2016–2017 Anne Ray Intern
Nina Sanders, a Crow Indian from Montana and a child of the Whistling Water clan, comes to SAR and the IARC as a recent graduate in American Indian Studies and Anthropology at Arizona State University. She has a wealth of experience in education having been involved in creating programming for four different cultural revitalization projects for American Indian youth. In implementing these educational programs she worked with the Arizona State Museum, the Heard Museum and the National Museum of the American Indian in reconnecting indigenous people to their ancestral objects for the purposes of re-creation, and education. In the fall of 2016, Sanders will present at the International Conference of Indigenous Archives, Libraries and Museums on youth programs that collaborate with museums for the purpose of cultural revitalization.
While pursuing this work in education, Sanders has found that a fundamental part of tribal culture programming involves re-establishing traditional life-ways, much of this information being imparted from museums. She comments, “Being part of this collaborative movement where Indian people work side by side with museums and institutions of higher education to protect cultural heritage has been invigorating work, it is here I have found my calling.” The training offered at the Indian Arts Research Center will help establish her career in museum work.
Sanders intends to contribute to the American Indian narrative by attending graduate school, writing and publishing a peer reviewed body of research pertaining to her people’s cultural legacy and eventually initiating a movement to build a museum or cultural center on her reservation.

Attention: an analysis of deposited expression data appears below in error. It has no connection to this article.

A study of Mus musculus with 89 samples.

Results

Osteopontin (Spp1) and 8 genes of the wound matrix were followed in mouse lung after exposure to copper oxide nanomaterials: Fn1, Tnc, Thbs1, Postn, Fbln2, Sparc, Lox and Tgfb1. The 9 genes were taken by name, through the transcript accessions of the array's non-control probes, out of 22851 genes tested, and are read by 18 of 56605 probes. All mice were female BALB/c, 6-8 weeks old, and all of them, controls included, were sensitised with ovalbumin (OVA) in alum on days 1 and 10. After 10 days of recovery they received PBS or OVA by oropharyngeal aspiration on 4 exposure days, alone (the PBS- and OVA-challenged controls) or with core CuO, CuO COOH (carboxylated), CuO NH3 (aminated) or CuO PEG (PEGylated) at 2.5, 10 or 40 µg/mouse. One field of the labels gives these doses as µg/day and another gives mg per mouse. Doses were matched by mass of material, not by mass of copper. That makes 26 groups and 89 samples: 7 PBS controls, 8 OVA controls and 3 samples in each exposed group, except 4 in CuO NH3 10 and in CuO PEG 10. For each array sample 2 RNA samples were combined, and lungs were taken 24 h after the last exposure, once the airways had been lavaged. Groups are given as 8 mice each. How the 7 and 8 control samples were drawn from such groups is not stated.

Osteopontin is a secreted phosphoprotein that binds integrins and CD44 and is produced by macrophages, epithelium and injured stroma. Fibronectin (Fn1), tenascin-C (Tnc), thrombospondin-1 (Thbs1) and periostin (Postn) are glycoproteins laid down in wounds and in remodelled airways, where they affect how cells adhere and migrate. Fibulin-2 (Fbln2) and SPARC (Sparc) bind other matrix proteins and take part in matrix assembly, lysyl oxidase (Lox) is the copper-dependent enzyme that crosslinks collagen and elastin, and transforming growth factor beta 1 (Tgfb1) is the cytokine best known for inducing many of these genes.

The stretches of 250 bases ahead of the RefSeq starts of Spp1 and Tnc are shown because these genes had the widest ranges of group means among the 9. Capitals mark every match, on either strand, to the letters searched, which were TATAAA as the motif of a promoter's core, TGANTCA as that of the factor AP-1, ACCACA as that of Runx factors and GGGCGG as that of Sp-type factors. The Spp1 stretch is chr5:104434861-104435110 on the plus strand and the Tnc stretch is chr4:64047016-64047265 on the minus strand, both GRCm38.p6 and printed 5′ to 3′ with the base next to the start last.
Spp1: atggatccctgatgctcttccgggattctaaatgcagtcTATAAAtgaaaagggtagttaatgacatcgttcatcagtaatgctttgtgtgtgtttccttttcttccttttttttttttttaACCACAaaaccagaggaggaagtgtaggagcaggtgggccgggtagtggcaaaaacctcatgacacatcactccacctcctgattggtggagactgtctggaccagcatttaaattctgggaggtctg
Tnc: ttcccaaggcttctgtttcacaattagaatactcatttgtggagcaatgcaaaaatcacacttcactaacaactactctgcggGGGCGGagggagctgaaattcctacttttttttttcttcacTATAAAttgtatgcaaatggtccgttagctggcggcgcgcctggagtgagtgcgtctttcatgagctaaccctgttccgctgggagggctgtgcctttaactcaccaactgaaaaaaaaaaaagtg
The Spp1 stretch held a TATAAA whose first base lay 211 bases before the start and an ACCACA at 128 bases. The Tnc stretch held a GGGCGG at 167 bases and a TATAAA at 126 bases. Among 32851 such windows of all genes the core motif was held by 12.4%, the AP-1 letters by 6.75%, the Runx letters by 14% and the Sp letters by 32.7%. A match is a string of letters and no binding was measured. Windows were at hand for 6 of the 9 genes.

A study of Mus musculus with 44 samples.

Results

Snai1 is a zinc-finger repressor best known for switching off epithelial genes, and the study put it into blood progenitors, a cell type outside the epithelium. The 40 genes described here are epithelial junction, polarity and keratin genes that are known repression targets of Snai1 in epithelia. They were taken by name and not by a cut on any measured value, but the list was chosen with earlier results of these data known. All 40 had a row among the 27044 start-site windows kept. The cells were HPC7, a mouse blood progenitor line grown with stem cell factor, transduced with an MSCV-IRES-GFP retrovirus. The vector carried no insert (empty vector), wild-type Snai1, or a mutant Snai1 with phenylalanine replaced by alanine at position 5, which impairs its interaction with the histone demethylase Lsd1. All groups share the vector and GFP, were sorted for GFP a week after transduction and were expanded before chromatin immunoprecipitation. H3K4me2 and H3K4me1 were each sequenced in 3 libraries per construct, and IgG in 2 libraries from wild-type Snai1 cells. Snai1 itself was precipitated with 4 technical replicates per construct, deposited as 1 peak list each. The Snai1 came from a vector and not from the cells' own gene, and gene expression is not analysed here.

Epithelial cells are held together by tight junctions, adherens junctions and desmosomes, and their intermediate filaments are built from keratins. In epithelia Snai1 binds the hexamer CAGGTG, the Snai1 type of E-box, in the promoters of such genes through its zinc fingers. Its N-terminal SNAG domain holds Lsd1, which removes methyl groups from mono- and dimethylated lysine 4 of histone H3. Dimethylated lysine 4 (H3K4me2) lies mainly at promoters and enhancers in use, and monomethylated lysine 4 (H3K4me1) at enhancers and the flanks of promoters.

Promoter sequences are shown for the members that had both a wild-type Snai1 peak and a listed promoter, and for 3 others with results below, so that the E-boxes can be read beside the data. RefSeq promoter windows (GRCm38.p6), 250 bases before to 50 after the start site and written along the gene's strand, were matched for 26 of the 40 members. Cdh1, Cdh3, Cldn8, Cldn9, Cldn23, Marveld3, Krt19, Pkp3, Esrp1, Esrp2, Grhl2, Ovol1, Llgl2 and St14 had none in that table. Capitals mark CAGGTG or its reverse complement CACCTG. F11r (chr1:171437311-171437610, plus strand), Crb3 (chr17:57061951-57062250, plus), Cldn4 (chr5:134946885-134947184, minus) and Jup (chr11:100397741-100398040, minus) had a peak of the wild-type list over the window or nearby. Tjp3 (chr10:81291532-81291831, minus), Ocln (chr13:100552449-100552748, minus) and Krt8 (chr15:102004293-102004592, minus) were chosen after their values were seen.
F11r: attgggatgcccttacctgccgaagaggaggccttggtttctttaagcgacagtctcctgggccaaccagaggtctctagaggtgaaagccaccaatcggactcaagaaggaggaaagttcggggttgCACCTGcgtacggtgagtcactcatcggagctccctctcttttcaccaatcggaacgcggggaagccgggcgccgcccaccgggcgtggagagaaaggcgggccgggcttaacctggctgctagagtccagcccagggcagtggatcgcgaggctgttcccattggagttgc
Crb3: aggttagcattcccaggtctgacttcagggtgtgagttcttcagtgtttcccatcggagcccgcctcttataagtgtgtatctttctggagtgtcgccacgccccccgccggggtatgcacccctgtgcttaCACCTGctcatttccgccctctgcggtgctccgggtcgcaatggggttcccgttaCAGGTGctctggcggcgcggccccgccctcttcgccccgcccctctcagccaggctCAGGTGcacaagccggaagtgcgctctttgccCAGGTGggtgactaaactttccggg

During her tenure at SAR, Sanders will spend half her time working on collections/registration projects and the other half working on academic/programming projects. She will be in residence at SAR from September 1, 2016-May 31, 2017.
Nina Sanders, 2016-2017 Anne Ray Intern. Photo courtesy of Nina Sanders,
2016–2017 Anne Ray Intern
Saeko Yamada, comes to SAR with a Bachelor of Arts in Museum Studies and a Bachelor of Fine Arts in Studio Arts from the Institute of American Indian Arts here in Santa Fe. She has worked for four years with the Museum of Contemporary Native Arts’ collection, expanding her knowledge of proper and respectful handling of cultural belongings as well as assisting with collections tours.
Concerned with the development of a post-colonial museum practice that contributes to cultural revitalization and focuses on the inclusion of Native people as integral collaborators, Yamada comments, “My own experiences as a Japanese person echo many of the perspectives I have encountered in Native American communities. I have discovered a commonality in our shared regard for cultural objects as ‘living’ forms that contain evolving stories that link the past with our present connections to ritual ceremony and tribal traditions.” She hopes to consult with tribal members to document stories that have cultural narratives and symbolic meaning of particular objects so that cultural meaning does not get lost or misrepresented.
Yamada intends explore how different aspects of museum practices can be valuable to Native communities and help promote Native Arts in the Twin Cities area. During her tenure at SAR, Yamada will spend half her time working on collections/registration projects and the other half working on academic/programming projects. She will be in residence at SAR from September 1, 2016-May 31, 2017.
Saeko Yamada, 2016-2017 Anne Ray Intern. Photo courtesy of Saeko Yamada.